A combination of new and reformed financing mechanisms are likely to be needed in order to deliver climate finance at scale to developing countries, a number of experts suggest. A new climate finance deal could also signal a shift in the distribution of power and accountability between donor and recipient countries, they add.
In a report exploring the legitimacy of climate finance institutions, climate finance and environment experts analyze existing efforts to support climate change mitigation and adaption initiatives in developing countries. The report, published by the World Resources Institute, attempts to identify the elements needed to design a climate finance mechanism that will be perceived as legitimate by most stakeholders in the climate change fight.
Authors of the report say that they expect there would be a significant shift on who will control new and existing climate change mechanisms in favor of emerging countries. They add that this shift is “both long overdue and necessary to provide the basis for a successful global partnership on climate finance.”
A successful delivery of climate change finance will require the creation of new local and international financing mechanisms as well as reforms within existing institutions such as the Global Environment Fund and the Adaptation Fund.
New mechanisms should take into account lessons learned from years of development finance. These mechanisms should be grounded on principles of good governance and have strong accountability measures in place, the report notes.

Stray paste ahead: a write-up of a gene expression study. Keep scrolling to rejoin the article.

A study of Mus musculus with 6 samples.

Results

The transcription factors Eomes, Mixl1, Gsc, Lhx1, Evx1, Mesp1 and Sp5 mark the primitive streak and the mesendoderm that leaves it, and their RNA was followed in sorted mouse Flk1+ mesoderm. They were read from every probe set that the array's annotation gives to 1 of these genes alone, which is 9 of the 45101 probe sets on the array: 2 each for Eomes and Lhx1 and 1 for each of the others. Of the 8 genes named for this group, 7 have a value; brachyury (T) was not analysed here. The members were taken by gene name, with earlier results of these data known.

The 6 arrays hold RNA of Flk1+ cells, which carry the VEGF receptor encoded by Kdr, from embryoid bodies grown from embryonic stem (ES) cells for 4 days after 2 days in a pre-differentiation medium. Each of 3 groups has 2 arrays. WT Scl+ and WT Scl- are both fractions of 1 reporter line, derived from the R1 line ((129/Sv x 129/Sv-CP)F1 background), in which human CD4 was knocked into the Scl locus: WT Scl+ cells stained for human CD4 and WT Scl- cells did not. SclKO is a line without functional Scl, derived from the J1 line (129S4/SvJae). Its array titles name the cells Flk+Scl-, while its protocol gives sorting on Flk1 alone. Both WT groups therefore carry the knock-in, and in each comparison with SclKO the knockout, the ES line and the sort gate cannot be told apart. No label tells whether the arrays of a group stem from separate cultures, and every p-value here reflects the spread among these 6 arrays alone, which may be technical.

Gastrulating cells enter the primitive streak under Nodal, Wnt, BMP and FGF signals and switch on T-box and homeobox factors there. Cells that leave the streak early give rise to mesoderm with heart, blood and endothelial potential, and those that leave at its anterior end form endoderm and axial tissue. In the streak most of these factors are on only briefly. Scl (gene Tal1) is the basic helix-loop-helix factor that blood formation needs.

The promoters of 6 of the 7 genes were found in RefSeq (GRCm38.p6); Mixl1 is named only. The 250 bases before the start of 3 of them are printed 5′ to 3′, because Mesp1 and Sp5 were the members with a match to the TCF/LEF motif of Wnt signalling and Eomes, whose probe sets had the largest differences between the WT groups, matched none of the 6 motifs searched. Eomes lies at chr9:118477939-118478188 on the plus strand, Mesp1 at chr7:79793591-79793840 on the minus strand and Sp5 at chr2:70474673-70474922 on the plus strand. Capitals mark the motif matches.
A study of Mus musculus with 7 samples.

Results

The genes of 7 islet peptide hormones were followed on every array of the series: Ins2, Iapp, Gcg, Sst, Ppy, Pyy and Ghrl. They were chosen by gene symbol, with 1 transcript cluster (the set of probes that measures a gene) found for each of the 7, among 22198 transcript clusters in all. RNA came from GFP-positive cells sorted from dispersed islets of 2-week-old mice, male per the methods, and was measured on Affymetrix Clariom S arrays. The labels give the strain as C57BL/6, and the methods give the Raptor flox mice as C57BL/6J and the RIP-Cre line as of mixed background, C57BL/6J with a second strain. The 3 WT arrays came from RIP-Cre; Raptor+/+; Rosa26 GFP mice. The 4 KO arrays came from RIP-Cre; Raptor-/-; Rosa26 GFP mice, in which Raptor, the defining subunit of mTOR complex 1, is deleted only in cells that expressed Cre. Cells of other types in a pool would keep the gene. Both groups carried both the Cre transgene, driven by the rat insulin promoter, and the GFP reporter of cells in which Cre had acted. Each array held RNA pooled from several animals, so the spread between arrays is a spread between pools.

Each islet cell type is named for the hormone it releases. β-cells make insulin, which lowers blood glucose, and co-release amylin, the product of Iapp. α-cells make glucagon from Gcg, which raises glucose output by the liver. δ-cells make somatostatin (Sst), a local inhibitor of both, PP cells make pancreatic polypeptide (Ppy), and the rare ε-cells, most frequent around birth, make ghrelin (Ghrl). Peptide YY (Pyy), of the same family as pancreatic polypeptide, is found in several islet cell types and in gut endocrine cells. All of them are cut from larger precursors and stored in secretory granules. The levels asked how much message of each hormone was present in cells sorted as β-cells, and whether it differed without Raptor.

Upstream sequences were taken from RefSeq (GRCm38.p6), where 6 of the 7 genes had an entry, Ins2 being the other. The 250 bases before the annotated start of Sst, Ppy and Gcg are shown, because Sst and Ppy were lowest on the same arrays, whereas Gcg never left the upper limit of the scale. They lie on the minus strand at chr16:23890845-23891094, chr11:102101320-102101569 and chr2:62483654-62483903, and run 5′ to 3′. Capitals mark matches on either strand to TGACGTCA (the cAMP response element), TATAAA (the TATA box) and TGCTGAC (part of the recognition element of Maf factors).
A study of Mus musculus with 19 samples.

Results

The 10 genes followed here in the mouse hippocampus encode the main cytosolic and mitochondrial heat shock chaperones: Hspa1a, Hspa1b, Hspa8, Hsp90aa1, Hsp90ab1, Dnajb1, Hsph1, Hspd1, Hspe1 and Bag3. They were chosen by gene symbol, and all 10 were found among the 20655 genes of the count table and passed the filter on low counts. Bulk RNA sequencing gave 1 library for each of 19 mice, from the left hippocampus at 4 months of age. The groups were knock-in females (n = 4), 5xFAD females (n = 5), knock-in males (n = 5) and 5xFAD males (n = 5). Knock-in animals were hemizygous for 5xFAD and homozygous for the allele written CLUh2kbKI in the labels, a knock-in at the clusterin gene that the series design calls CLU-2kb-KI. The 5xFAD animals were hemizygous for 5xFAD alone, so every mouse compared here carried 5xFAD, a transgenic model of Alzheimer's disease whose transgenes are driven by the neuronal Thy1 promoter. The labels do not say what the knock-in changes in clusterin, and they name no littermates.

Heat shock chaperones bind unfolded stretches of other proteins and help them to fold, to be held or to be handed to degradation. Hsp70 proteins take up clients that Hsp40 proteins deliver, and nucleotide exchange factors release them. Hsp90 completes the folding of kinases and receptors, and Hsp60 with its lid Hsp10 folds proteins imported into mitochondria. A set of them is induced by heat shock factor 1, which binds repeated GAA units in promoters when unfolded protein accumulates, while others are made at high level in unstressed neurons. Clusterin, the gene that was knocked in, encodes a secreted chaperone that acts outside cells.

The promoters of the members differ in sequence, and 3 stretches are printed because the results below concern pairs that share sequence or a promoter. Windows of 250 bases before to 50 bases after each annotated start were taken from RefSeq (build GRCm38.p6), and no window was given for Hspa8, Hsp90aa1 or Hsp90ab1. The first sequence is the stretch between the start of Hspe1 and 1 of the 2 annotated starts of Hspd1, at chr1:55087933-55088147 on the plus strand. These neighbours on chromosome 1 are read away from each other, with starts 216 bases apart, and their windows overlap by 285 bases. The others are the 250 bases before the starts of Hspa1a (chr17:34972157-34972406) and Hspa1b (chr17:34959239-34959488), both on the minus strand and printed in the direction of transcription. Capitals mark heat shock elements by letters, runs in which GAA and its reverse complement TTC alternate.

Meantime, old financing mechanisms need to fully incorporate climate change-related concerns into their strategies, the authors argue, noting that existing institutions still support fossil fuel-led growth.
The fundamental governance structures and operation procedures of existing mechanisms should be reformed to give developing countries a greater voice in decision-making processes. This would improve the legitimacy of these institutions, authors of the report explain.
Ongoing climate change talks have often included heated debates over means to disburse the annual USD100 billion climate finance that developed countries promised to provide by 2020 as part of last year’s Copenhagen Accord. Developed countries are mostly inclined toward using multilateral banks and other existing institutions, while developing countries favor new financing mechanisms.
The WRI report notes that both parties need to strike a balance on this issue.
The authors say: “In order to generate a greater sense of trust and ownership, backers of existing agencies may have to accept a degree of duplication of existing capacity through the creation of new mechanisms—particularly where significant gaps in capacity are identified—and to accept strengthened lines of accountability of climate finance mechanisms to the UNFCCC Conference of the Parties (COP). On the other hand, those calling for the creation of new institutions may need to concede that it may waste precious resources to replicate the staff and services provided by existing agencies.”